Or any child cold for that matter; they don’t have to be common…
I’ve never truthfully been able to answer the interview question: “Where do you see yourself in 5 years’ time?”
When I was living on my own in a flat next to the sea on the south coast of England, not for a minute would I have envisioned myself enthusing about a product that allows you to help with a child cold by sucking mucus from a baby’s nose, just half a decade later.
Our 3-year-old started pre-school two weeks ago and along with the new uniform, the letters about school photos, and the weekly library book, Alfie has also brought home with him the first of the nursery child colds.
Ah yes, the “snotty-nosed kids” are no longer just a caricature referred to by miserly old men who burst any ball that accidentally lands in their weed-filled garden; they are now my children and their friends.
Being 3, Alfie is a good communicator. He lets us wipe his nose and he lets us blow it when he needs.
Nasal spray. It’s like a tsunami up the nostrils; no baby is going to sleep through that.
Si-si, being only 6 months old, is yet to learn any of the communication skills of her brother. Therefore, when we’re either downstairs at night with the monitor on, or in bed with her close by, we can hear the snuffles and coughs of the child cold.
Worse still, we can hear the distress when Sienna wakes up because she’s having trouble sleeping through the constant drip from her sinuses into her throat.
We’d tried all the usual things. Putting books under one end of her bed to tilt it up. Snufflebabe vapour rub, which is brilliant in the latter stages or just for bunged up noses.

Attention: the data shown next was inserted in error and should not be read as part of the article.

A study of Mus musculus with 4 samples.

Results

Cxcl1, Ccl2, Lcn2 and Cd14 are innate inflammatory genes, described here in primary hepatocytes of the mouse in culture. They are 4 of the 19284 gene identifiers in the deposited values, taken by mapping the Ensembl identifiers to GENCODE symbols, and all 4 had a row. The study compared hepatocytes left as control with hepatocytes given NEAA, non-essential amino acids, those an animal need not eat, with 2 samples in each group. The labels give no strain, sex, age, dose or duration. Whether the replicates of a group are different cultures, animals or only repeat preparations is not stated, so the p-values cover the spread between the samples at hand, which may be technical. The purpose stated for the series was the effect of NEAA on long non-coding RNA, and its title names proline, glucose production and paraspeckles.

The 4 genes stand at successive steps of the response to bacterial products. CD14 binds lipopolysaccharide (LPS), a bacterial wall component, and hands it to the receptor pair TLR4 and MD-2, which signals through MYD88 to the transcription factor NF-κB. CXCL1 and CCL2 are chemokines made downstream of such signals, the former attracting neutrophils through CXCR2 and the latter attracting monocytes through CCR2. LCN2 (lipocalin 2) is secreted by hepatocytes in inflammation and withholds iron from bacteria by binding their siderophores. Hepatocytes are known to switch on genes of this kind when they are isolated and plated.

Sterimar nasal spray. Again, it does the job but it’s not easy to have to administer. Cruel to be kind with that one, although it works. That said it’s like a tsunami up the nostrils, so no baby is going to sleep through that.
Just Suck It and See
Then at the weekend, on our quest to by the umpteenth pot of vapour rub, we saw the Snufflebabe Nasal Aspirator.
OH. MY. WORD.
That night Sienna was asleep when, through the monitor, the noise of a sleeping baby soon turned into the cacophony of a thousand bubbling geysers. (She’ll love to read this back when she’s a teenager.)
Being a Dad puts you in a hundred and one scenarios you’d never had imagined 5 years’ previously. Here was another.
So it was, cradling my baby in my arm, I held one end of the Snufflebabe Nasal Aspirator in my mouth and positioned the other at the opening of my daughter’s nostril.
Then, like Fungus the Bogeyman drawing enjoying his own recipe for a thickshake, I sucked.
What Snot To Like?
The aspirator is a tube. At one end there’s a disc to prevent it going too far into the baby’s nostril, at the other end a bulb in which there’s a filter. Not even the most doting father wants to imbibe their child’s “nose dirt” (to quote my secondary school English teacher as he admonished a classmate of mine).
It’s not a pleasant image. It’s not a pleasant act. But the relief to see the blockage physically clearing, knowing their child cold isn’t going to trouble them for a good while again; it’s just heavenly.
Sienna barely stirred. A quick wipe with a tissue, a quick rinse, and Sienna was breathing like the cute babies you see on night-time nappy adverts.
It costs just shy of £10 but it’s worth every penny. We got it on Saturday, I am writing this on Monday, and we have used it several times in between.
And because Si-si is sleeping better, we’re all sleeping better too.
Today, if you ask me where I see myself in 5 years’ time, I probably still couldn’t say. You can’t predict what’ll happen to you when you have a baby.
What I do know is it will involve me trying to persuade my then 8- and 5-year-old to suck out the badness of their child cold using my favourite trick.
Or I’ll be drinking thickshakes in a really novel way.